How to Be Happy (or at least less sad): A Creative Workbook by Lee Crutchley
|How to Be Happy (or at least less sad): A Creative Workbook by Lee Crutchley|
|Reviewer: Sue Magee|
|Summary: A workbook which encourages you in a gentle, non-preachy way to look at the good things in life. And, yes - it works.|
|Buy? Yes||Borrow? Yes|
|Pages: 224||Date: March 2015|
|External links: Author's website|
I gave up hoping for happiness many years ago and settled instead for enjoying contentment when it arrived and trying to make the most of it. 'Happiness' seemed to be rather like 'privileges' - something which you shouldn't expect as of right. Most of the time it works well, but just occasionally an extra boost - a new approach - is needed. Lee Crutchley has suffered from depression and he knows that this book is not going to help when you're clinically depressed, but those of us who have been down that road know that there are certain laybys where you stop and possibly turn around.
The idea is deceptively simple: it's a workbook and you're going to work your way through it and then see how you feel at the end compared to how you were at the beginning. You're presented with a series of exercises (no - nothing too strenuous...) which will push your mind into thinking about you. Not about the sad, down in the dumps you, but the one who just might have quite a lot going for them. Don't worry that you're going to be presented with some of those trite phrases that people offer when they encounter someone who is depressed. I don't know if Pull yourself together or what's your problem? ever had a positive effect on anyone, but the only time you're going to meet them in this book is on the front cover, where they're crossed out.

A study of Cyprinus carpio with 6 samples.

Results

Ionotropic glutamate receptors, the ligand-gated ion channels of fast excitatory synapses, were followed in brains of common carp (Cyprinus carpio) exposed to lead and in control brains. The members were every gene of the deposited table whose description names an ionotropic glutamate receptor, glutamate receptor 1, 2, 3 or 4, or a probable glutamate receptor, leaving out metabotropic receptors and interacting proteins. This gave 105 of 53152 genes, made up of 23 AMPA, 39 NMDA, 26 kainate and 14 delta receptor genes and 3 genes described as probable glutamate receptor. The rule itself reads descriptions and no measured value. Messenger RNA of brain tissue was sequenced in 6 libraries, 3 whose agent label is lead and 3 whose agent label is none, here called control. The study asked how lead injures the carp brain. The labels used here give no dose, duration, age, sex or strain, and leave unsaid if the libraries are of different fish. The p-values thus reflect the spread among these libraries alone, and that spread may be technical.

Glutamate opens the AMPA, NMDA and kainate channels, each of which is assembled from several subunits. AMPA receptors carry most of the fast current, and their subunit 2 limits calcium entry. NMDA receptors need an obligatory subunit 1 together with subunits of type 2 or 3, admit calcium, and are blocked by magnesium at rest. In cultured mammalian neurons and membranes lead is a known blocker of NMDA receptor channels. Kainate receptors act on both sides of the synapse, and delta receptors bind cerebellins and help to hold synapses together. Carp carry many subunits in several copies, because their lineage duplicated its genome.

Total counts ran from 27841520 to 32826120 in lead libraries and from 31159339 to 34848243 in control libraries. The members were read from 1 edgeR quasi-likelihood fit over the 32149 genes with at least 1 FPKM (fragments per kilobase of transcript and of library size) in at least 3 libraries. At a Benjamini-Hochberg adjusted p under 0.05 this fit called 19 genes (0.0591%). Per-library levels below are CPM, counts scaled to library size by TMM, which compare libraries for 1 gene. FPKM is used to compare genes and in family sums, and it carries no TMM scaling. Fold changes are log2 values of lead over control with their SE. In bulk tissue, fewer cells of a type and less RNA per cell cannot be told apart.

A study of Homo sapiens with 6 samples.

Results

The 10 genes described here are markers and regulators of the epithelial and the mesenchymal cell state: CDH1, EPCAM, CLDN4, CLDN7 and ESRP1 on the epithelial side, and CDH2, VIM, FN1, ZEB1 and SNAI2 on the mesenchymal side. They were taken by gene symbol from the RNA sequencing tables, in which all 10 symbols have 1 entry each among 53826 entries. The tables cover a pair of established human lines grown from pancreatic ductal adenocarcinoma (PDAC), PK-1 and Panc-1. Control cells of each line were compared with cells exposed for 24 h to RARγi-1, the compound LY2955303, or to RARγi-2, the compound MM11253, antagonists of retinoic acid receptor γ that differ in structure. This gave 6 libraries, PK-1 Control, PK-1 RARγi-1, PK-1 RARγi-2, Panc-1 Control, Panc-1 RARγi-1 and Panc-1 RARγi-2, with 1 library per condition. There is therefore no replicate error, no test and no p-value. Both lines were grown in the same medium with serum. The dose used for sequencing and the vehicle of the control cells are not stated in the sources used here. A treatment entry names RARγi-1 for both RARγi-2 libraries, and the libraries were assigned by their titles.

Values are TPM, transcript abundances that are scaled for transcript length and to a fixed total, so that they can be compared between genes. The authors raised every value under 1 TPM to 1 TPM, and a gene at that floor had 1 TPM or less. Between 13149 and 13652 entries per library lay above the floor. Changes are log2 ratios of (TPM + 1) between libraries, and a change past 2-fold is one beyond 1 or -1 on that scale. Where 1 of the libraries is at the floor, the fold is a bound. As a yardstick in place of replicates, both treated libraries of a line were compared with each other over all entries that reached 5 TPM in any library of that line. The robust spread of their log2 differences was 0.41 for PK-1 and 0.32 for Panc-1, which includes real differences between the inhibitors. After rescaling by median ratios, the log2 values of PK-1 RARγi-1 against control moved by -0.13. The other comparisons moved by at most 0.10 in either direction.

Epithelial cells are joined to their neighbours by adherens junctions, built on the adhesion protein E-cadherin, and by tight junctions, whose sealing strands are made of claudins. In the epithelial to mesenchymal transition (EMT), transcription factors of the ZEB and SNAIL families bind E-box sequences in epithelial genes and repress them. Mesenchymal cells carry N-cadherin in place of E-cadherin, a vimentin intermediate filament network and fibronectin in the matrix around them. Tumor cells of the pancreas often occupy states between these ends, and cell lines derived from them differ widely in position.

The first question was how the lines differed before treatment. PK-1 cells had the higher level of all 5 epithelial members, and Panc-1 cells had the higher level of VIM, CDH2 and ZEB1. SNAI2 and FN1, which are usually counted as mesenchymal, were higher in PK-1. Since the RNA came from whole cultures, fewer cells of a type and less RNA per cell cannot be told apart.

Let me tell you about one of the exercises. Put your hands down on a sheet of paper, one at a time and draw around the other hand so that what you have looks like a pair of gloves. Now - in each finger write down something you're grateful for. As Crutchley says, they could be people, places or pizza. Actually, this is very clever. If you have to write down three things you can do it quickly: spouse, kids and the dog. But ten things are a bit different. You have to start of group things (I don't want to put just one dog down, so I'll put 'all the dogs we've had in one finger.) It took me about fifteen minutes to come up with a list which pleased me - and in the quarter of an hour I'd concentrated solely on all the good things in my life and there wasn't a single negative thought. It's a wise and gentle book.
I haven't given away too much there - there are quite a few similar exercises which might not make you feel happy but they're going to put problems into some sort of context. Now, is there anyone who wouldn't like to feel just a bit happier? No, I thought not.
I'd like to thank the publishers for sending a copy of the book to the Bookbag.
For more on happiness we can recommend The Secrets of Happiness by Richard Schoch, Nudge: Improving Decisions About Health, Wealth and Happiness by Richard H Thaler and Cass R Sunstein and The Longest Journey: Nine Keys to Health, Wealth and Happiness by Sandy Donaghy.
You can read more book reviews or buy How to Be Happy (or at least less sad): A Creative Workbook by Lee Crutchley at Amazon.co.uk.
You can read more book reviews or buy How to Be Happy (or at least less sad): A Creative Workbook by Lee Crutchley at Amazon.com.